Grasshopper as snack

Student Peter puts edible insects on the menu.

Bugs as an ingredient in our meals: that is the life mission of world-improver Peter Links. With his company BugBug he sells them to companies who then give them away as a promotional gift. His goal: putting bugs on the menu as a healthy, environmentally friendly and tasty source of protein.

‘Meat was still a luxury product 50 years ago, now it’s our normal protein source. But our earth doesn’t have the capacity to keep up with our meat production.’ Tells the student of marketing management. ‘We are destroying the planet with that. If we want to have a stable living environment in thirty years, we have to change something now.’ One year ago, Peter came in touch with grasshoppers, crickets and mealworms. ‘A friend of mine told me about this and I became curious. Curious about the taste, but also about the challenge to change the mindset around eating bugs using marketing strategies.’ And that is necessary, he concludes. ‘The meat industry has a huge impact on our environment. In order to have a kilo of meat on our plate, we need 5000 litres of water and twenty kilos of food more than for a kilo of bugs on our plate. Besides, the call for meat is increasing around the globe. And we are taking down rainforests to create more ground for cattle feed. In short: we are destroying the world for our BigMac.

From sushi to grasshopper
The first time Peter ate bugs, he was kind of excited. ‘You have no idea what to expect. But bugs have a very neutral, nutty taste to them. You don’t feel like: what is this?’

But how can you get more people to eat worms and grasshoppers? ‘That is my challenge. It is possible. Take sushi for example: cold rice with raw fish. At first, nobody liked the idea. Now it’s very popular.’ Peter’s tactic: putting bugs as a normal part of a snack. ‘I sell a mix of nuts with dried grasshoppers for example. Bugs have a nutty taste of themselves, so that goes together nicely. And when they’re part of a standard snack, it’s less freaky.’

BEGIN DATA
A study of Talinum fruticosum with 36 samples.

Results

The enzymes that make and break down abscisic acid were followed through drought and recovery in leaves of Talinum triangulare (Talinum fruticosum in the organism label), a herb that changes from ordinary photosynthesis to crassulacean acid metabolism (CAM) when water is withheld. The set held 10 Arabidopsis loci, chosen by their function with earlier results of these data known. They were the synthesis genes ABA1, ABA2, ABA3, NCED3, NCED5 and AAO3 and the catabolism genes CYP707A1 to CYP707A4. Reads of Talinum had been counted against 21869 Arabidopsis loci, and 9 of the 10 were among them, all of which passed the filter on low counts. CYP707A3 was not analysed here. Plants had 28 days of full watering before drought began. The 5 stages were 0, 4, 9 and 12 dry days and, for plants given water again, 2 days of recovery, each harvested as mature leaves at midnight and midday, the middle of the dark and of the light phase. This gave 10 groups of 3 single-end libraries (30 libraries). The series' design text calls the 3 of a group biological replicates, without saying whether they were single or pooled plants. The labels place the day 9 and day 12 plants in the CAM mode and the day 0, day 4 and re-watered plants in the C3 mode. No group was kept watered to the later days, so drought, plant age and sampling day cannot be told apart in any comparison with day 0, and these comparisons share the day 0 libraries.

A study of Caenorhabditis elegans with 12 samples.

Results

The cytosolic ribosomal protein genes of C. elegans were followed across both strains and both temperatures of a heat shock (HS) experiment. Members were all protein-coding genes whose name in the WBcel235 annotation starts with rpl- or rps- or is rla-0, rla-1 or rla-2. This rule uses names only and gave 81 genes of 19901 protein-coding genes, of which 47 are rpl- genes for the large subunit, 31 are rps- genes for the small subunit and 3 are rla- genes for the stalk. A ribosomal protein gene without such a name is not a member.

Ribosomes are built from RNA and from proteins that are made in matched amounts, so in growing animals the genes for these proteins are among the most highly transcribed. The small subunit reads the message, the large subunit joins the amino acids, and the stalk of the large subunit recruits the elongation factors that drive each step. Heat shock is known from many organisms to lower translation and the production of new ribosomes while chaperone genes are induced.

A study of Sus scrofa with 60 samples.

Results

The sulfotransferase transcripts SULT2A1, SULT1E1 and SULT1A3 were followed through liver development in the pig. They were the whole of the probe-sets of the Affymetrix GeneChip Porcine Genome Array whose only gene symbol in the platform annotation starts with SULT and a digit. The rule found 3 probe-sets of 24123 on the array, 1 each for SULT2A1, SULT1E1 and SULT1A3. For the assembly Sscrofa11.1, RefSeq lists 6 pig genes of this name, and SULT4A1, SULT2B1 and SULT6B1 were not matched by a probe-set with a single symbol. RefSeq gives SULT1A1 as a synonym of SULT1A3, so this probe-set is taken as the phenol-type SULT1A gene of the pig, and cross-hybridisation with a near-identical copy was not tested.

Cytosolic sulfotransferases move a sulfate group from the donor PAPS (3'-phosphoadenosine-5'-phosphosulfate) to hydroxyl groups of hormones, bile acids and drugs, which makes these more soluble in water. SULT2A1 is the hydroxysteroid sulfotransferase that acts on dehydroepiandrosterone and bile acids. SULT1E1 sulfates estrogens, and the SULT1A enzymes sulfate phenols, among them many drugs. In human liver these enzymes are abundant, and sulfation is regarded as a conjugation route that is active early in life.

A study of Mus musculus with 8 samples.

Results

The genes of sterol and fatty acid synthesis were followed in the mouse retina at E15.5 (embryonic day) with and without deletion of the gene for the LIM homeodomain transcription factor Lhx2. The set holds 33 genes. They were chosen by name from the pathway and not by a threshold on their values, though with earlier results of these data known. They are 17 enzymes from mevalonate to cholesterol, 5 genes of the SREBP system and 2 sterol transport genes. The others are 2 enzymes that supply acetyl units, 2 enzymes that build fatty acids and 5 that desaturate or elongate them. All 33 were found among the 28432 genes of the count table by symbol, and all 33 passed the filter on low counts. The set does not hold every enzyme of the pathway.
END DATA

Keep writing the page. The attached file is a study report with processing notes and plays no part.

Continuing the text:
Dream big, act small
He sells these snacks with his company BugBug to organizations who are working on durability and who want to show that in their catering, or by giving a durable promotional gift. Monthly, he gets around seven orders of over a hundred bags. For each order, he’ll work about three hours. ‘I wrap the products myself. In a small professional kitchen I place the labels on the bags and I fill them up. I enjoy how small it is now. Dream big, act small: if I can handle more orders in the future, I will look back on this period with joy.’ Despite the amount of orders coming in, at network events Peter often gets to hear that his concept is not going to work. Comments like: ‘People aren’t going to eat bugs’ are regular comments for Peter. But he is happy with this criticism. ‘Many people who have achieved something big, have had to deal with these kinds of comments. Think about the making of the electrical cars. Car companies saw nothing in this concept. But then Elon Musk introduces Tesla to the market. I think it’s phenomenal to see what he has accomplished in the conservative car industry. It brought the development of electrical cars to a next level.’

Second gear!
Peter is running into that same challenge as musk. ‘I’m not saying that a trail-mix including grasshoppers will change the world, but I am pioneering: I am creating something that does not exist yet.’ Sometimes it can be quite frustrating for Peter that he has no one to see as an example. ‘And around me I see people starting up businesses that grow rapidly. For me it is a much slower journey.’ This is partially because of the laws: the European Food and Drug administration has stopped the market of bugs for human consumption at some point, because there was no policy for it. Now it is tolerated, but new developments are only allowed in the future.’

Because of this policy Peter is being impaired in what he can do. As an entrepreneur he does see the benefits of this. ‘I have time to work on my concept, keep an eye on developments and develop new products in the next few years.’ The making of special taste combinations, like crickets and lavender, is one of his ideas. ‘That’s how you turn a bug into a delicacy. That’s how you take the spotlight away from the ‘freaky’. And if the policy is made in three years? Then there will be a company of which I know exactly where it’s going to go. And then I’ll be able to put this business in second gear!’